Corrections or additions?

This article by Simon Saltzman was prepared for the January 30,

2002 edition of U.S. 1 Newspaper. All rights reserved.

Review: ` The Laramie Project’

The outstanding documentary drama, "The Laramie

Project," is getting a first-rate, in-your-face production by

the New Jersey Repertory Theater. The play — a series of dramatic

interviews that arose from the horrifying events surrounding the fatal

1998 beating of Matthew Shepard, a gay college student, in Laramie,

Wyoming — is recreated by eight excellent actors, each of whom

bring a realistic resonance and stirring emotional truth to the

compelling

text.

"The Laramie Project" imparts no subjective ideology or

opinions.

What it does do, with confidence and theatrical expertise, is

configure

the opinions and attitudes of a cross-section of ordinary people,

citizens of Laramie, population 26,687, into a riveting and

enlightening

event.

The young man on a bicycle who discovers Shepard’s brutalized body;

the sheriff’s deputy who arrives on the scene and inadvertently comes

in contact the still-breathing, blood-soaked, H.I.V.-infected victim

who had been tied to a fence; a lesbian waitress; the bartender who

was the last person to see Shepard; and a gay university professor,

are just some of the people whose statements and responses to the

tragedy define a town and its ethos. Even the positions of the

anti-gay

preacher and protester, and a more conciliatory Roman Catholic priest,

are represented without reproach. Neither Shepard, or the theater

student whose parents could not bring themselves to see his

performance

in "Angels in America," nor his killers, Russell A. Henderson

and Aaron J. McKinney (whose grandmother has her say here) are the

main focus. But, they remain foremost as symbols in this exploration

into the nature and nurturing of hate.

Members of Moises Kaufman’s Tectonic Theater Company (the acting

company

that brought such powerful journalistic flair to "Gross Indecency:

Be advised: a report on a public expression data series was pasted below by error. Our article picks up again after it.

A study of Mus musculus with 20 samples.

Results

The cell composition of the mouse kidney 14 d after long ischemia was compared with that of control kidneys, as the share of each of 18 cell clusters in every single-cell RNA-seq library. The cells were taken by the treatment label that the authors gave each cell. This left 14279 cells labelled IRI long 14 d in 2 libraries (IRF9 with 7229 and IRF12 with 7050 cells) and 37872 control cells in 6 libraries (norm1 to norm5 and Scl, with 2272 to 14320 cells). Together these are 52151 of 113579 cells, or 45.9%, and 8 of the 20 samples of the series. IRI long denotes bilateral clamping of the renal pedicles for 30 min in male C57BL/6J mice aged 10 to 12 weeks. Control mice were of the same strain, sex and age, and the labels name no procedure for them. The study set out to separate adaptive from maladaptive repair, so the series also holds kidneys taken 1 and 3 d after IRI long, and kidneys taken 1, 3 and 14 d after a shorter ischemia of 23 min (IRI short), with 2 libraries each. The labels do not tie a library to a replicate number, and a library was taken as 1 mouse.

The Three Trials of Oscar Wilde") traveled to Laramie on six

different

occasions to interview over 200 people, the 60 of whom made it into

the text. These are now being played by eight fine actors, members

of the New Jersey Repertory Company.

It is hard to draw a line to separate the excellence of the

performances

from the arresting nature of the text. What matters is that none of

the actors betray or condescend to the diverse and idiosyncratic

natures

of their subjects. This is one of the play’s, as well as this

production’s,

distinction, under the direction of Ken Wiesinger.

In the light of the original visits, in the midst of what had become

a media frenzy, Tectonic Theater members were able to extract from

the guardedly open interviewees what life was, is, and will possibly

never be the same again in this corner of America. The present company

— Dana Benningfield, Alberto Bonilla, Lea Eckert, Susan Kerner,

Duane Noch, Kendal Ridgeway, David Volin, and Eric Walton —

although

not a part of the writing assignment, commands equal awe and

admiration

for their portrayals.

Designer Julia Hahn’s somber setting, with only a row

of wooden chairs, a few hooks for coats, makes a statement

appropriately

in tone with the openness and directness of the project wherein the

actors, often performing multiple roles, are either seated or

standing.

After an exposition in which the actors explain their mission and

intent, the story unfolds without pretension but with journalistic

persistence. We can deduce how the values of old-fashioned homogenous

simplicity in this once prime pasture and prairie town has been

unsettled

by an encroaching world of arts and letters, have and have-nots,

outsiders

and strangers. Considering that the company has not attempted to

embellish

or distort the words of the actual people involved, there is a

consistent

honesty to the text. This honesty, which is occasionally flecked with

heart-breaking emotional content, allows us to see the people of

Laramie

in the light of their own perceptions about normalcy and decency.

There is even splashes of humor woven into the interviewees’

instinctive

distrust of the Project, something not lost by either the original

writers or the actors at NJ Rep. If you have not ventured down to

see the work of this adventurous four year-old professional company,

this is a good time to start.

— Simon Saltzman

The Laramie Project, New Jersey Repertory Company, 179

Broadway, Long Branch, 732-229-3166. $30. Through February 10.